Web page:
Pets – Companionship and Expenses
Recently I adopted a puppy. Her name is Georgie, named after Georgie White, the first commercial female river rafter in Grand Canyon. She is the cutest, most perfect pup that I’ve been daydreaming about getting since I was in college. She’s smart, she’s sweet, she bites more than I would like…and what did she just swallow? Should I take her back to the veterinarian?
No matter what stage of life you’re in, it can be hard to resist the companionship of a pet–they enrich our lives in immeasurable ways. It’s no surprise that since the COVID-19 pandemic began pet adoption has increased.
Being a financial advisor, I spend a lot of time talking through expenses with clients. Yet, despite all my research, I was surprised by how quickly my own expenses started adding up after adopting Georgie. Don’t forget that with the cuteness comes expenses…potentially lots of expenses. I thought I would share some of my own experiences as a new pet owner and dive into the financial impact of owning a pet.
The following expense list from moneyunder30.com provides a good range of costs for when you first adopt or buy your pet, as well as some annual expenses. I will say I spent way more on startup supplies and added in some one-on-one training to get Georgie’s biting under control. Training is expensive, but well worth the investment if you need some additional tools.
One-time Pet Expenses
- Adoption cost: $0 – $660
- Food: $30-$50
- Startup supplies: $50 – $300
- Vet and vaccinations: $50 – $300
- Preventative medical: $50 – $100
- Spay or neuter: $20 – $300
- Licensing: $10 – $20
- Microchip: $50
Annual Pet Expenses
- Food: $250 – $750
- Annual medical exams: $50 – $100
- Vaccinations: $10 – $100
- Preventative medical: $50 – $100
- Toys and misc. supplies: $20 – $100
- License: $0 – $20
Pet food costs are hugely variable depending on the size of your dog and the quality of ingredients in the pet food. If your pet isn’t picky and will eat anything, more power to them. Some pets have food allergies requiring specialty food and ongoing allergy tests. Despite the increased cost, our veterinarian emphasized on the long-term health benefits of high quality food for Georgie.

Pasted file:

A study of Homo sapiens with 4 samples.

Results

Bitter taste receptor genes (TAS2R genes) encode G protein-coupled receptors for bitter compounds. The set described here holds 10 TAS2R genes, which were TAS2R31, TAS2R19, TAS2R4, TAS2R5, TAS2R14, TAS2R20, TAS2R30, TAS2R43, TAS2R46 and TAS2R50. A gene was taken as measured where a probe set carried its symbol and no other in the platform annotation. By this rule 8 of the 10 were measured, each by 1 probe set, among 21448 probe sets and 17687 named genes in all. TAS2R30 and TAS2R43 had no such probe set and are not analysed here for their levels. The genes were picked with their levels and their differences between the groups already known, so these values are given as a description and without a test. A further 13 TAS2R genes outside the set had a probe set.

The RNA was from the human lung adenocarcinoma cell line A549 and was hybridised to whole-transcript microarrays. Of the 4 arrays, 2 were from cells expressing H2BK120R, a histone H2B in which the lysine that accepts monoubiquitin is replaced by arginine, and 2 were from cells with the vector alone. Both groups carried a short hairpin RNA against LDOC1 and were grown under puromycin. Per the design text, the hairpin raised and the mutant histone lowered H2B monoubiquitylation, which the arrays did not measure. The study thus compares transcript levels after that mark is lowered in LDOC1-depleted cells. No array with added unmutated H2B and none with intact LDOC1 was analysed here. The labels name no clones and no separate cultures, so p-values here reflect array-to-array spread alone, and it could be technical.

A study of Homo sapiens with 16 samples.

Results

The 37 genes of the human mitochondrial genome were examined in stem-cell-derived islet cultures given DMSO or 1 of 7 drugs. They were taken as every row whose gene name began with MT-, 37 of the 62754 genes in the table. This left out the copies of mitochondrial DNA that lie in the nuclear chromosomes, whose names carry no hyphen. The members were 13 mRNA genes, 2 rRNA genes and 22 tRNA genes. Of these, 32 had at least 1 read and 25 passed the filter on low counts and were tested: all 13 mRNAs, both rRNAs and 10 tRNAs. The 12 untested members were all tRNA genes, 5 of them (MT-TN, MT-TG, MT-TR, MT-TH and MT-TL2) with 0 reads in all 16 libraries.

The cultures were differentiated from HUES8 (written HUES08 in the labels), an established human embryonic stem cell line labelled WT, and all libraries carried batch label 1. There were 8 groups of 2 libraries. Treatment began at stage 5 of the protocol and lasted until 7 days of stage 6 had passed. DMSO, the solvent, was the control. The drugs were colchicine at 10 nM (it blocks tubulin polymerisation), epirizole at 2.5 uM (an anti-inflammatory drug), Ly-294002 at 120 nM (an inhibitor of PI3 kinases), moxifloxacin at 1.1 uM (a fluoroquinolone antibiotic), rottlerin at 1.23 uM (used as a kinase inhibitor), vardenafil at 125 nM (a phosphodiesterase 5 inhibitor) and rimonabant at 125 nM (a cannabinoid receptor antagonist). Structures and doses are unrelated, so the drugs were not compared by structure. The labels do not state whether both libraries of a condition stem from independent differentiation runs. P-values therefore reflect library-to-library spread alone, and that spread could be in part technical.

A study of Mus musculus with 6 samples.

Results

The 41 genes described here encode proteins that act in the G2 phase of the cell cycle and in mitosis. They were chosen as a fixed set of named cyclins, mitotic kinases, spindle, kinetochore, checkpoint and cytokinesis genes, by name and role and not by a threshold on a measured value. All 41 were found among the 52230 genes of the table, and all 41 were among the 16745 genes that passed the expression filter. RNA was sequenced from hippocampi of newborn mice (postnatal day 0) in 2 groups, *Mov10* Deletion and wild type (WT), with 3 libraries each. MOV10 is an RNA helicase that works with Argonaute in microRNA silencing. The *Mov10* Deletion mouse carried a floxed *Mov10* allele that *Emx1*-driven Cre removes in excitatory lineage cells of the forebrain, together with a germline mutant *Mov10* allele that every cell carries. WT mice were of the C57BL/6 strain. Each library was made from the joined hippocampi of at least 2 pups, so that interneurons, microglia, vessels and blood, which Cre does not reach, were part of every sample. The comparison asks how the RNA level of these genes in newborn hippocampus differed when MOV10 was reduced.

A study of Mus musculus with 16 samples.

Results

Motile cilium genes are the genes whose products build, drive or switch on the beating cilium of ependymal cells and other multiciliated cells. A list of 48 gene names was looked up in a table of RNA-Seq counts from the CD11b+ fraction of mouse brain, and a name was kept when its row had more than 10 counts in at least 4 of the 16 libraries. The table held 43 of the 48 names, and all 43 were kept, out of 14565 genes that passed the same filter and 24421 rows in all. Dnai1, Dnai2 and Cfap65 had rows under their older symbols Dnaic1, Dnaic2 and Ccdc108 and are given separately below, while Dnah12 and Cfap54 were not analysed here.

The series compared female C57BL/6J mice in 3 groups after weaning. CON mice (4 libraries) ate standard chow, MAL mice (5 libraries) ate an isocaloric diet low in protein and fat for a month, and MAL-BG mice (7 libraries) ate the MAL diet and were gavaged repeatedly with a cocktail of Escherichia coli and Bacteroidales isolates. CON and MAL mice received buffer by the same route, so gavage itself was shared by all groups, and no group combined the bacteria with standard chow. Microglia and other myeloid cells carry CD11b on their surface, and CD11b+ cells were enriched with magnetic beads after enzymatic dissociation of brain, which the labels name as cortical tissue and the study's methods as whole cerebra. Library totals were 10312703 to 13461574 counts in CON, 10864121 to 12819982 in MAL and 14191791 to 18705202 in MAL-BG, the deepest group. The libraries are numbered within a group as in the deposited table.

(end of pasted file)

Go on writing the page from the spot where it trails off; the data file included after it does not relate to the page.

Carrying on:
If you’ve never had a pet before, be prepared for a new source of seemingly never-ending bills. Georgie and I have been to the veterinarian three times, excluding required vaccination visits, and I’ve had her for less than two months. Each time we’ve gone, I feel like the staff is rolling their eyes at me because I’m asking the most ridiculous questions: Are her ears supposed to have this much hair? What’s this on her belly? Will she die if she swallows a baby tooth? However many questions I throw their way, the staff has been patient and thoughtful with me. Then they send me a $125 bill per visit along with a $35 ear cleaner. Turns out Georgie does have too much hair in her ears.
Be sure to take your pet to the veterinarian once a year; some pets require twice a year. This will allow you to stay ahead of any health issues that are creeping up and gives you a chance to develop a relationship with your veterinarian.
Who doesn’t want another insurance policy? Pet insurance isn’t required but it could be vital if you feel like you won’t be able to cover large, unexpected veterinarian bills. There are a lot of different options out there (and it can be overwhelming) but take some time to do your research to find an insurance policy that covers at least accidents and illness. Hopefully, Georgie is never bittenby a rattlesnake or swallows something that requires surgery. But if she does…we have some backup. Side note: did you know there is acupuncture for dogs? In some cases, it’s covered by pet insurance!
Speaking of acupuncture for dogs… where do you draw the line for expenses with an animal? That is a great conversation to have with your financial advisor. Everyone is going to have a different threshold here. Having a realistic outlook regarding your budget and making sure you are proactive about savings can help if you do decide that your pet deserves the best treatments (or outfits).
Picking up and leaving to go on vacation isn’t the same with a pet. Are you going to have someone housesit or are you going to have your pet boarded? Either option adds an additional cost. I brought Georgie on our summer vacation and had to pay an additional $75 for our Airbnb.
Despite all the expenses and scars on my hands from puppy nibbles, I couldn’t imagine my life without Georgie now. I wake up every morning excited to see her furiously wagging tail. I am grateful I took the time to incorporate her into my financial plan, so I don’t have to worry about every little expense. It’s empowering to know what you can achieve with a budget and some time to save. With the right planning and research, I gained a companion that will be by my side-whether I’m typing up an email or getting ready to go paddle boarding. I know she’s ready for our next adventure!